More than 100 people gathered on the Falmouth Village Green to urge action against climate change, on Friday, September 20.
They held signs, chanted, and wore life preservers to symbolize the impending threat of sea level rise.
The demonstration was part of an international strike organized by Swedish climate activist Greta Thunberg. Ms. Thunberg led the New York City climate strike on Friday. Students walked out of schools in cities around the world.
In Falmouth, a small group of students from Falmouth Academy and Falmouth High School attended the strike, which was organized by members of Engage Falmouth, 350 Cape Cod, the Coalition for Social Justice, Move to Remove, and the Upper Cape Cod Women’s Coalition.
Lori S. Duerr, Falmouth Public School Superintendent notified families earlier this week that Friday, September 20 would be declared Take Care of the Earth! Day. “As you can imagine, it is not safe to allow students to ‘strike’ or walk out of school. However, we do want to be responsive to the importance of advocacy around climate change,” Dr. Deurr wrote.
“Each of our schools will be engaged in activities specifically focused on ways we can positively impact our earth,” she added. Students and staff were asked to wear green and participated in discussions about ways to help the Earth such as recycling, composting, and cleaning up beaches, according to the letter.
At the strike, Falmouth Academy student Sadie Leveque brought along her mother, grandmother, and younger sister, ensuring that three generations of her family were present to advocate for action. She said that climate change is not a “future issue.”
“People are thinking, ‘Oh, it’s in the future. We have time.’ But we don’t have that much time. So it’s scary,” Ms. Leveque said.
Ms. Leveque’s mother, Lauren Leveque, said she was proud that her children were motivated to attend. “I want the kids to feel empowered to use what they have. They can’t vote right now, but they can influence us. They can help encourage the adults, who have the power right now, to make better decisions.”
Ms. Leveque's grandmother, Ruthanne Molyneaux said her granddaughters were the reason she decided to attend the strike.
Sally Hawck, another attendee, said she was striking because of her children and grandchildren. “We have to act now… I want to do as much as I can,” she said.
Speakers at the strike included Massachusetts State House Representative Dylan Fernandes. Mr. Fernandes spoke about the ways that residents can make a difference on an individual level, such as increasing energy efficiency in their homes. Penny Duby, co-founder of several women’s organizations on Cape Cod, including Upper Cape Women’s Coalition and Falmouth Supporting Women in Financial Transition (SWIFT), addressed the impact of climate change on women.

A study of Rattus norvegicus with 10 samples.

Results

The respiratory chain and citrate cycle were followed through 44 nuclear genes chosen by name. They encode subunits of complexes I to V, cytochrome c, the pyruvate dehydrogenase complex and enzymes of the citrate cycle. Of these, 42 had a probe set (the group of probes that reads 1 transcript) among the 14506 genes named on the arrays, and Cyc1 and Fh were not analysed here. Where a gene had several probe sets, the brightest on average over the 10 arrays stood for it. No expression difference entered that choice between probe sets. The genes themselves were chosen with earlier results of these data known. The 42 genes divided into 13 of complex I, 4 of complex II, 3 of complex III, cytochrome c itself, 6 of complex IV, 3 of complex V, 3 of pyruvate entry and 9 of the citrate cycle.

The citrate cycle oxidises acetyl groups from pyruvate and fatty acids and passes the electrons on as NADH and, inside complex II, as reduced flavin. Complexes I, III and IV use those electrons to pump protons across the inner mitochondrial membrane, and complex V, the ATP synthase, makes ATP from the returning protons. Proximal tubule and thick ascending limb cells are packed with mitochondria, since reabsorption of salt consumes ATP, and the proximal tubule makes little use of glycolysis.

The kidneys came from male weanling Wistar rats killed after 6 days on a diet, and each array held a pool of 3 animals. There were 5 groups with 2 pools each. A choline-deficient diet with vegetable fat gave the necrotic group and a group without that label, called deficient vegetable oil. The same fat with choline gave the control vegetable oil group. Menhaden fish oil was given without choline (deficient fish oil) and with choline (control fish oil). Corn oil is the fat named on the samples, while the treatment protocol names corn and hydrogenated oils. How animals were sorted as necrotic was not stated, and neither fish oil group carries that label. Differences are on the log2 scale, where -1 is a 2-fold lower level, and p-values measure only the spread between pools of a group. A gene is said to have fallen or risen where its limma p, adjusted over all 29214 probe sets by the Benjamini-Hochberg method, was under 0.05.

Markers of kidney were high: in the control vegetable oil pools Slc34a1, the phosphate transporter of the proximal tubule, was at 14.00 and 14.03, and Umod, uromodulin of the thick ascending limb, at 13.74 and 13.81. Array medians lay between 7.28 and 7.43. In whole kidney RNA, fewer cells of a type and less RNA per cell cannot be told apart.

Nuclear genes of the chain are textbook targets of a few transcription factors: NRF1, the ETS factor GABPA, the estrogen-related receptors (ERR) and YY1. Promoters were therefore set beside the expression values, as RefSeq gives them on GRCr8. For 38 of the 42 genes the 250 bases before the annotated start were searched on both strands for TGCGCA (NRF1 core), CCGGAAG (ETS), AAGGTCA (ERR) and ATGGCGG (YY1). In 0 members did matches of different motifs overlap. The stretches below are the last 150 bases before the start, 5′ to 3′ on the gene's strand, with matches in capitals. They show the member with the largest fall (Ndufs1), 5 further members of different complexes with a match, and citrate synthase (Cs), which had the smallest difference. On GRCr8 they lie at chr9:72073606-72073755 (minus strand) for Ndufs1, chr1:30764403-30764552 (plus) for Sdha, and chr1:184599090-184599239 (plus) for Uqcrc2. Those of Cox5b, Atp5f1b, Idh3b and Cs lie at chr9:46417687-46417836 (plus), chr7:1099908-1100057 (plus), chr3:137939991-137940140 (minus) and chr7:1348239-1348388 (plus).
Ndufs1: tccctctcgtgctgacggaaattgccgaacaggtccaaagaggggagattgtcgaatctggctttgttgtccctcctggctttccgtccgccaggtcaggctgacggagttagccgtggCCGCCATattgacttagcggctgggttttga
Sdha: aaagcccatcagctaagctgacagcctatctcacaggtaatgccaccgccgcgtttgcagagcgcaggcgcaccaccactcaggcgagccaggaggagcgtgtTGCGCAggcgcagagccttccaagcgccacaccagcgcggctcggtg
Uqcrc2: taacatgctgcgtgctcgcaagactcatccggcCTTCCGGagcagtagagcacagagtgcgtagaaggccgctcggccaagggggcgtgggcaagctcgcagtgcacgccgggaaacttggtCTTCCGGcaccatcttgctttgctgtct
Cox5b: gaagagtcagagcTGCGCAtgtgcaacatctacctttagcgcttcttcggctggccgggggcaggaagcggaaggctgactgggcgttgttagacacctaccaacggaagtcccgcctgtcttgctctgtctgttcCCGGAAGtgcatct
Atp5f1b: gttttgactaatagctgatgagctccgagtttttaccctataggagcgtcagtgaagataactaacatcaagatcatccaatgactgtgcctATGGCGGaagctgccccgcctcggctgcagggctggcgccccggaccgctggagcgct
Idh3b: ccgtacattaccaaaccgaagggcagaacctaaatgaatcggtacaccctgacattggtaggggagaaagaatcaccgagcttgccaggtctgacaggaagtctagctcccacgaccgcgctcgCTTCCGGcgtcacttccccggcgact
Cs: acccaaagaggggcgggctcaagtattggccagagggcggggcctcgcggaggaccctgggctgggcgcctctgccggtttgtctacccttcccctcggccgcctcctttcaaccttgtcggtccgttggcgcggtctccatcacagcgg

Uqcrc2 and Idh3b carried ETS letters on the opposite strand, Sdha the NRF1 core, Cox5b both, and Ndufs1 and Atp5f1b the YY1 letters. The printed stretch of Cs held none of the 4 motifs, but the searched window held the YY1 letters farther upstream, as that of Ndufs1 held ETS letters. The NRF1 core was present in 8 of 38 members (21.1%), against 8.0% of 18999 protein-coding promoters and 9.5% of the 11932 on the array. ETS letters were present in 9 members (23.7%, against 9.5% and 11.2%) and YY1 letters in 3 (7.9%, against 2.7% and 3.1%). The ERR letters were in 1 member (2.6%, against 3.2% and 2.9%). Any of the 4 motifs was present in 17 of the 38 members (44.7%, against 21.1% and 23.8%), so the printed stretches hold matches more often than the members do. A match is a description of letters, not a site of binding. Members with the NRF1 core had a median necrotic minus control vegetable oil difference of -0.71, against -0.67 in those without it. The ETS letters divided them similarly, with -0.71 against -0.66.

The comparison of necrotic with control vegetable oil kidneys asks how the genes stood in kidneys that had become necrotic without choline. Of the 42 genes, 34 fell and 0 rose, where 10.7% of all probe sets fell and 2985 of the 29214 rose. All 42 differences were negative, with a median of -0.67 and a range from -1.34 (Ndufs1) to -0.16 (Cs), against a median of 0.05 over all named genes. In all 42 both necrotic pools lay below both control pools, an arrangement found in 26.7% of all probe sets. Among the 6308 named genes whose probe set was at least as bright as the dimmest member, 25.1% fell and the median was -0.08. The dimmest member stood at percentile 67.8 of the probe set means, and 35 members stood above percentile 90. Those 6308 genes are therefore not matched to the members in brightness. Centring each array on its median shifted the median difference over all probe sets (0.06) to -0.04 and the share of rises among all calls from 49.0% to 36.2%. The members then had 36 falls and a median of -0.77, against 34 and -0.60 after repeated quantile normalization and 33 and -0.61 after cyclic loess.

Susan M. Natali, an associate scientist at the Woods Hole Research Center, shared her experience working in the Arctic tundra this year.
"This past July was the warmest month that was ever recorded in the Earth’s history. I was in the arctic tundra in July and it was 90 degrees fahrenheit. It’s not supposed to be 90 degrees in the tundra. It was really, really hot. At the same time it was also hard to breathe because we were surrounded by smoke... there were extensive wildfires that were happening across Alaska,” Dr. Natali said.
Dr. Natali echoed Rep. Fernandes’ statements. “Every one of us can take an action that will impact the globe, as Dylan said, by using renewable energies, by thinking about… our travel and how we are heating our homes…,” she said.
“And how we vote,” a member of the crowd shouted.
“And how we vote,” Dr. Natalie repeated.
Everyone who took the microphone to speak reiterated a sense of urgency. George M. Woodwell, an ecologist and founder of Woods Hole Research Center, noted, “while you’ve heard a splendid array of comments about the crisis that we are in, there’s one point that I would make and that is: the crisis is now. It’s not five years from now, three years from now, ten years from now.”
One attendee, Susan Kaiser, noted that the crisis was a long time coming. “We could have had this event in the 80’s, in the 70’s and it would have been just as pertinent and we wouldn’t have had to have seen as much destruction as we’re seeing,” she said.
Mary O’Brien Tyrrell stood at the edge of the grass on the Village Green, holding a sign for cars passing by. “I’m 76 and I’m a Vietnam veteran. I’m very proud of my country, but not about what our ability is to ignore this problem,” she said.
The entire strike lasted about an hour and a half. As numbers waned around 12PM, Sandra Faiman-Silva, one of the organizers who had introduced all of the speakers, continued passing out leaflets with instructions for how to contact legislators to urge action.
“We wanted to do something. It’s such an important issue and it’s really a crisis,” Ms. Faiman-Silva said.
Friday’s strike on the Village Green coincided with strikes in Sandwich, Truro, Barnstable and Dennis.
The climate strike continues in Falmouth on Saturday, September 21 with demonstrations at Clinton Road, Oyster Pond, Falmouth Mall, and the Village Green from 11AM to 12PM.